Insects, spiders and other arthropods on green roofs are not uncommon. Actually, long term studies show that arthropod colonization on green roofs, whether one-story tall or 20-stories tall, mimics ground level colonization, sometimes with even greater diversity. Arthropods are a vital component for any healthy ecosystem and their diversity in an ecosystem keeps pesky and damaging arthropods in check.
However, infestations on green roofs do occur. Last Fall, we helped Swarthmore College diagnose and treat a white grub infestation on one of their green roofs. By recognizing the infestation signs early, the college’s professional horticulture team was able to control the grub problem through organic pest control methods.
Recently, a red spider mite infestation was reported in a school in the UK with a 12-month old green roof. The infestation on the green roof was allowed to go unchecked for so long that the bugs made their way into the school via air ducts. When children began complaining of bites the school had to close down for several days to fumigate.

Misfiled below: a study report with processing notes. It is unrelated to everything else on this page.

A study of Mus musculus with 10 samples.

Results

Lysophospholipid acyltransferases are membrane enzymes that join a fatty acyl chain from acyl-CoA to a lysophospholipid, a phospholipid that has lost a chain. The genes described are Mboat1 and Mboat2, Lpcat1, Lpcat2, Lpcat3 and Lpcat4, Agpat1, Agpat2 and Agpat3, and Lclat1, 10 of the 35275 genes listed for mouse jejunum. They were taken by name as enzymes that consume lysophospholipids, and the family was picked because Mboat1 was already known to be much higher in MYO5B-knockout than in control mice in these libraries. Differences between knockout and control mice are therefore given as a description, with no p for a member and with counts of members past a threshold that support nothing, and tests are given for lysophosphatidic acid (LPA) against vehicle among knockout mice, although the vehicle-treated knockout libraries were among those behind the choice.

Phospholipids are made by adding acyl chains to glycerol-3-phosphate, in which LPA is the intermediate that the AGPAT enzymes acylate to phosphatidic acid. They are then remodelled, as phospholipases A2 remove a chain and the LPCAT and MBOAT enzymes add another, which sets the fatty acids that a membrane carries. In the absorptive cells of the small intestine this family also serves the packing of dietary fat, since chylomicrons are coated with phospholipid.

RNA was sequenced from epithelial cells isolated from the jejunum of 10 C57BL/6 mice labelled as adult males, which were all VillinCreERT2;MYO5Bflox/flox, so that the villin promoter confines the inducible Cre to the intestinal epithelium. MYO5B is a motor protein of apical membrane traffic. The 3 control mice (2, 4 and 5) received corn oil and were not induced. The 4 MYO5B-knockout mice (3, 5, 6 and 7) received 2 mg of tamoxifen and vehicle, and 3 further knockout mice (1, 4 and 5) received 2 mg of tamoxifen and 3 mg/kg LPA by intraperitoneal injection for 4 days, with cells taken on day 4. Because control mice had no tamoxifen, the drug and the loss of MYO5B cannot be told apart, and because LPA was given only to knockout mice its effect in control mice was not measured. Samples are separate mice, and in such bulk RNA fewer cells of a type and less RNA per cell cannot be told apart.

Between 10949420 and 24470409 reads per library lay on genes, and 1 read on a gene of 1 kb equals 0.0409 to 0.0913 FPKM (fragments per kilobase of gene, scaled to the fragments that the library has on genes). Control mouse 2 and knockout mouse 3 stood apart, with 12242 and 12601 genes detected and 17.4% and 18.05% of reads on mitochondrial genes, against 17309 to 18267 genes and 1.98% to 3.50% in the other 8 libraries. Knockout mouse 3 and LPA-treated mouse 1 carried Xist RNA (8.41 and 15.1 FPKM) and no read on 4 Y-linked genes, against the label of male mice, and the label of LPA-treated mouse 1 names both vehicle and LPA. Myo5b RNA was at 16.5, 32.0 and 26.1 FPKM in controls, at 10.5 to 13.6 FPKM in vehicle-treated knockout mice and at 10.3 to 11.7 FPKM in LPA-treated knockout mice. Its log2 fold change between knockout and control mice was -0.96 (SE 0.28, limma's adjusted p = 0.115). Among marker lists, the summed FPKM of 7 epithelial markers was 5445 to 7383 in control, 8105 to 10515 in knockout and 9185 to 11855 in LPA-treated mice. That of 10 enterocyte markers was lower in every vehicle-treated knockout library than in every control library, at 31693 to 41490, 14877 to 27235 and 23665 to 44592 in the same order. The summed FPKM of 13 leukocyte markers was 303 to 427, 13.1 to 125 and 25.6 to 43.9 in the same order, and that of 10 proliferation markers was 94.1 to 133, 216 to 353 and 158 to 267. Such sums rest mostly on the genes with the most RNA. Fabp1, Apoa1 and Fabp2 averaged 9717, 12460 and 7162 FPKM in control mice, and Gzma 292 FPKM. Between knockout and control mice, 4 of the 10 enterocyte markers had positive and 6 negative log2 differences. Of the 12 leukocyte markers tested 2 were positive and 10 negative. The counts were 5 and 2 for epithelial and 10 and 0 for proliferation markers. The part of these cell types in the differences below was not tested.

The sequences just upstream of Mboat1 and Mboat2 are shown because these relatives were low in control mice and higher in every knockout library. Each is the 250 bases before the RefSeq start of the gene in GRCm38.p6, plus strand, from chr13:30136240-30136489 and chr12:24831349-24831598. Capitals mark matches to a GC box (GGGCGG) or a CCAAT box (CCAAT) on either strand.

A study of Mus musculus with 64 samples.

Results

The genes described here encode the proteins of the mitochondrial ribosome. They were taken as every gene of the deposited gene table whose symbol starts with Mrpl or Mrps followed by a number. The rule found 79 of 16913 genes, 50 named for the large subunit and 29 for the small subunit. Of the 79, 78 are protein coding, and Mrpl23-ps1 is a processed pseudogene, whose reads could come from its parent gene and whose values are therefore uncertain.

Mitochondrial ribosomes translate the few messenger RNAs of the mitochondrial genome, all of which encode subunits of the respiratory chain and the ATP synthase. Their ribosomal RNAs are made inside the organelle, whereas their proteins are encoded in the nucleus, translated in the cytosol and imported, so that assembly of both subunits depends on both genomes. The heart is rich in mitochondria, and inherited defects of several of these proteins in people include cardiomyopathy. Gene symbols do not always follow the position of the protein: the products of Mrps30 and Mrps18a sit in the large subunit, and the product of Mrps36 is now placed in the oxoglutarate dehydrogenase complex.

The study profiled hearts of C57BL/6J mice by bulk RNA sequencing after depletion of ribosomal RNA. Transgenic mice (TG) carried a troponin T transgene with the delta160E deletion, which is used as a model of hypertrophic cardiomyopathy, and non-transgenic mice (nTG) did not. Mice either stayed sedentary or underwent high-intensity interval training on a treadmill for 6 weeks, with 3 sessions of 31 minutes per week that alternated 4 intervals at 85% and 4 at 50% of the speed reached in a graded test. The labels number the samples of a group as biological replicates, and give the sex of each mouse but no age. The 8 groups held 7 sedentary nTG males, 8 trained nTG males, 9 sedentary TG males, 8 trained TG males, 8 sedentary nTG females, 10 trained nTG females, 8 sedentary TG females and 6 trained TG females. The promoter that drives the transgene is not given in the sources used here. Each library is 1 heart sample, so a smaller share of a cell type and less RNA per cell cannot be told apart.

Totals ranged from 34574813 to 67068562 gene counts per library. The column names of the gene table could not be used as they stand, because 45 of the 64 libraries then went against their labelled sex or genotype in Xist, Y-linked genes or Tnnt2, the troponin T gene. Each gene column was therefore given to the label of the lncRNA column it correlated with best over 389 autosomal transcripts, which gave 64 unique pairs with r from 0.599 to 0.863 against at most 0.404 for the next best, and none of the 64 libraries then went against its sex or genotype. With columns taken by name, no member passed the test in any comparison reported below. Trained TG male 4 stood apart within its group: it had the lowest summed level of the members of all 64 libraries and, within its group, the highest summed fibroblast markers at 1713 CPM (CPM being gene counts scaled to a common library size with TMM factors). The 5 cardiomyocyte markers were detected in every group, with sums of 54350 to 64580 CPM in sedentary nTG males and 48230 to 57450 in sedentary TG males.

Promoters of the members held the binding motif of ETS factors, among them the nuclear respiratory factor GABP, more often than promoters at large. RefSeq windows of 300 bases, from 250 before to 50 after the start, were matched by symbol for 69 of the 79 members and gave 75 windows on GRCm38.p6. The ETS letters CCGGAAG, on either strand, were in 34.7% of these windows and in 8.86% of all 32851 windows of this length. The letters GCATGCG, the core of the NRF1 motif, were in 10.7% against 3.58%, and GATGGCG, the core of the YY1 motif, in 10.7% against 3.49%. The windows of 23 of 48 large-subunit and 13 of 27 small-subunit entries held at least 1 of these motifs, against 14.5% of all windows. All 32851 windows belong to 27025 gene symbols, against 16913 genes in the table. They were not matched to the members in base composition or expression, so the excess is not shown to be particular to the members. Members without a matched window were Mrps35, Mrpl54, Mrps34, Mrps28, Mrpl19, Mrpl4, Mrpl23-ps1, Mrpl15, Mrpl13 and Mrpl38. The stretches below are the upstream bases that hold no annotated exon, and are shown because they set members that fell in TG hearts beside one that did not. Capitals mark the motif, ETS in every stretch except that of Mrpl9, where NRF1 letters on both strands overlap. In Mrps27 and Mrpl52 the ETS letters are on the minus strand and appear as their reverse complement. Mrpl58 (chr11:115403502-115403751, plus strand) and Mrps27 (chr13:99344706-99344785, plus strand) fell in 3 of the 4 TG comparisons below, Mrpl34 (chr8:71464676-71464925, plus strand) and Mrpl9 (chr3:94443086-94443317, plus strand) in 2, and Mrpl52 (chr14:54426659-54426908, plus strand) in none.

Naturally, all green roofs are susceptible to infestation. Red spider mites are a common household and nursery pest. Spider mites thrive in hot, dry conditions. Being aware of their preference for hot, dry conditions and the effect they have on infested plants is vital information all professional green roof maintainers must possess.
It is important to remind installers that all nursery plants arriving on a project site should be checked for possible disease and pest infestation. Green roof installers and maintainers must be able to recognize the early signs of infestation and know how to control their populations first through non-chemical methods and finally with a targeted plant-based, non-toxic pesticide if necessary.